FIELDS OF ATHENRY

 

By a lonely prison wall, I heard a young girl calling
"Michael, they are taking you away,
For you stole Trevelyan's corn,
So the young might see the morn.
Now a prison ship lies waiting in the bay."

Chorus:
Low lie the fields of Athenry
Where once we watched the small free birds fly
Our love was on the wing
We had dreams and songs to sing
It's so lonely round the fields of Athenry.

By a lonely prison wall, I heard a young man calling
"Nothing matters, Mary, when you're free
Against the famine and the crown,
I rebelled, they cut me down.
Now you must raise our child with dignity."

By a lonely harbor wall, she watched the last star fall
As the prison ship sailed out against the sky
For she lived to hope and pray for her love in Botany Bay
It's so lonely round the fields of Athenry.

 

Words as they appeared on an 1888 Broadsheet :

By a lonely prison wall
I heard a sweet voice calling,
'Oh Danny, they have taken you away.
for you stole Travelian's corn,
that your babes might see the dawn,
now a prison ship lies waiting in the bay.'

chorus
Fair lie the fields of Athenry
where we stood to watch the small freebirds fly.
Our love grew with the spring,
we had dreams and songs to sing
as we wandered through the fields of Athenry.

I heard a young man calling
'nothing matters, Jenny, when your'e free
'gainst the famine and the crown,
I rebelled, they ran me down,
now you must raise our children without me.'

On the windswept harbour wall,
she watched the last star rising
as the prison ship sailed out accross the sky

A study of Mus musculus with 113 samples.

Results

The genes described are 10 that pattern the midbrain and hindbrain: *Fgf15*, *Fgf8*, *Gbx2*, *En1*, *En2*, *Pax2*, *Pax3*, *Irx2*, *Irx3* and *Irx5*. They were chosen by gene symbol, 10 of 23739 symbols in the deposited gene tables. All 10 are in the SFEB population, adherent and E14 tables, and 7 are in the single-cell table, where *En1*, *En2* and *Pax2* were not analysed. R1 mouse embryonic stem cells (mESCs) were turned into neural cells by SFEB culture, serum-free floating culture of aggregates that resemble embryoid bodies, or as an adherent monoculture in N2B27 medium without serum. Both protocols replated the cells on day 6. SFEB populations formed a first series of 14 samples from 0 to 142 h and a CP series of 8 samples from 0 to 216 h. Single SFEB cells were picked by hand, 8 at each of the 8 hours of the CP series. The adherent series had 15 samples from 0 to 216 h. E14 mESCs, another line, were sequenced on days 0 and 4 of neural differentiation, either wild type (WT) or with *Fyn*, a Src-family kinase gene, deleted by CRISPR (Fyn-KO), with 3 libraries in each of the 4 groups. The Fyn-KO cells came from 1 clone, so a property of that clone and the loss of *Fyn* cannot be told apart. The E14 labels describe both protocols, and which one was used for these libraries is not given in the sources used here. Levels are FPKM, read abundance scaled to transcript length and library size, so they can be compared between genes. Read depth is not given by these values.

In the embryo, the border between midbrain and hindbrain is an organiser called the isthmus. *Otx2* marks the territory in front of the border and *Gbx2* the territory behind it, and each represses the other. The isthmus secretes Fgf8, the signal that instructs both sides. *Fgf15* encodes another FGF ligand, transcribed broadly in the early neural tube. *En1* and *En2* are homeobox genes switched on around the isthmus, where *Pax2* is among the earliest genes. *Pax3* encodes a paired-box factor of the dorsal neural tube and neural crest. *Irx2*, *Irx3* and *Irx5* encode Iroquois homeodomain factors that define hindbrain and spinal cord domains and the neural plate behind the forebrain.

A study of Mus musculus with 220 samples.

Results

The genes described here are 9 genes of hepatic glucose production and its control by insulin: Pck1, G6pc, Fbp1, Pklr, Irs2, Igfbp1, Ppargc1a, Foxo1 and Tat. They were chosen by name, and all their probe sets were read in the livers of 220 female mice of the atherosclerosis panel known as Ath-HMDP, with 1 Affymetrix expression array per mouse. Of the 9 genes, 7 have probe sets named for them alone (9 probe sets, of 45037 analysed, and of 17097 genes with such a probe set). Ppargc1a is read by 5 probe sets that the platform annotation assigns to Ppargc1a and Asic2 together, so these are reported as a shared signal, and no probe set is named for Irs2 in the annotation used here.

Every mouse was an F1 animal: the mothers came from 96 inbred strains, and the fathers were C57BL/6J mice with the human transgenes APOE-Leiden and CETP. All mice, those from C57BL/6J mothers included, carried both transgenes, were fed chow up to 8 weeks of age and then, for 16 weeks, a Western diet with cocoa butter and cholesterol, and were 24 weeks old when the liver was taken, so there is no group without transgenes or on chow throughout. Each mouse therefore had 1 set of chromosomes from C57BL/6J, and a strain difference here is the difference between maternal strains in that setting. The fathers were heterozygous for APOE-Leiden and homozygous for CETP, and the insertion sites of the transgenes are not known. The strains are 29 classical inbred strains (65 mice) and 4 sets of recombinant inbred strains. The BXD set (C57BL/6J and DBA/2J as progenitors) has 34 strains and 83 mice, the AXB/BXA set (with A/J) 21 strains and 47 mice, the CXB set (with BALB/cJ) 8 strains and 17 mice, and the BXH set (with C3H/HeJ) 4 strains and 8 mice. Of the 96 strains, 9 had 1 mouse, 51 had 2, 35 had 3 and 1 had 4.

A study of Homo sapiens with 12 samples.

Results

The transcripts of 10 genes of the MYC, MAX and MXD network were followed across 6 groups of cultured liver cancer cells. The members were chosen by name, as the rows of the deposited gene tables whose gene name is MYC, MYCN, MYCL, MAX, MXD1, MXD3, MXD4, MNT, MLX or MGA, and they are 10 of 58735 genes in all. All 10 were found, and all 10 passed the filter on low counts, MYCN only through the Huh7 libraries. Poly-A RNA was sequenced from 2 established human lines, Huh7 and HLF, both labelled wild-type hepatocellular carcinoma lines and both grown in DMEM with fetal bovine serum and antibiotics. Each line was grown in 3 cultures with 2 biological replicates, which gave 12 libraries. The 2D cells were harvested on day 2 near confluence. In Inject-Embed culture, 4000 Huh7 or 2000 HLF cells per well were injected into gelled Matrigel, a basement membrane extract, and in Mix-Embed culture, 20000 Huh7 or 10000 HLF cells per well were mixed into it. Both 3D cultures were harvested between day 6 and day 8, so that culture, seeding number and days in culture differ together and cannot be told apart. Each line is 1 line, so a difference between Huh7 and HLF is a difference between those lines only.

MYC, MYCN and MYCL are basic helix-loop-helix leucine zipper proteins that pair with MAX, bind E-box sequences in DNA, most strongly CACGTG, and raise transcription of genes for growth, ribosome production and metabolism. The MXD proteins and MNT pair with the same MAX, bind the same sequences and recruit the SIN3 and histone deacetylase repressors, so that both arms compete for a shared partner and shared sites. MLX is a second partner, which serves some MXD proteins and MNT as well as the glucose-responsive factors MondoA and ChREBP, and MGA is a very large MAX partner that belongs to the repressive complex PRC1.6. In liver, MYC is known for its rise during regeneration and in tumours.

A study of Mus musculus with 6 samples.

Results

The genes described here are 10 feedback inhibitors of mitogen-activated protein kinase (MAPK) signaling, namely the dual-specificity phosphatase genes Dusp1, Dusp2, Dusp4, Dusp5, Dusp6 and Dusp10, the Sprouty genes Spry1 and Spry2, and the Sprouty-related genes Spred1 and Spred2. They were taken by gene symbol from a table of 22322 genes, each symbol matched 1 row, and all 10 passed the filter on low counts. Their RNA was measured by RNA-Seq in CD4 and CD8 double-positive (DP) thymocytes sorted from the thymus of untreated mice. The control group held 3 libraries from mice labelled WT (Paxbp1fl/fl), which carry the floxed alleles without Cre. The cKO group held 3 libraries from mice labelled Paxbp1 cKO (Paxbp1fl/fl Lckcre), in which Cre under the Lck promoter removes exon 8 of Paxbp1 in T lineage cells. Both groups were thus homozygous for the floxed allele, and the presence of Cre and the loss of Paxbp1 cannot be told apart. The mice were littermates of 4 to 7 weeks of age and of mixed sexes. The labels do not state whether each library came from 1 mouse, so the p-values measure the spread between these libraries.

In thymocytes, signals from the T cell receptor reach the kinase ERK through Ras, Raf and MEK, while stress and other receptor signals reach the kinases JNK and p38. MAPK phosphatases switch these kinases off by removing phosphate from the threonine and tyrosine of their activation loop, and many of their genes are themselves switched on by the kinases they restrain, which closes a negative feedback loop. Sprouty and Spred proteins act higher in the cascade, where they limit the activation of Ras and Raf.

But she will watch and hope and pray,
for her love in Botany bay
whilst she is lonely in the fields of Athenry

 

Notes:  Pete St. John is known as the author of this song, at least in its popular form, but the words go back to a broadsheet
ballad that was published in the 1880's. One of them was published by Devlin in Dublin with  a simple tune, which is very
different than that of the modern song. The broadsheet lyrics are below the St. John lyrics.

Excerpt from an article that appeared in The Glasgow Herald for 10 April 1996:

The song was written in 1979 and recorded by Paddy Reilly, whose best-selling single launched an album of the same name.
However, over the past 20 years more than 400 cover versions have been made with conservative estimates on single sales put
at five million. The song was based on a true story of the fate of one young couple during the Irish famine.

The song tells the story of Lord Trevelyan who brought a supply of corn back from America in a bid to battle starvation during
the potato famine in the mid-nineteenth century. Unfortunately it was Indian corn too hard to be milled, so useless. However,
local people thought it would save them and so broke into the stores, were arrested, and subsequently deported to Australia.

The song could be about anyone Scots, Irish, English. It is about poor innocent people and how they are victims of natural
disasters. It's easy to say why it's been so popular in Glasgow because in 1846, the year the song's set, over 150,000 Irishmen,
women, and children fled to the city where many were treated with generosity.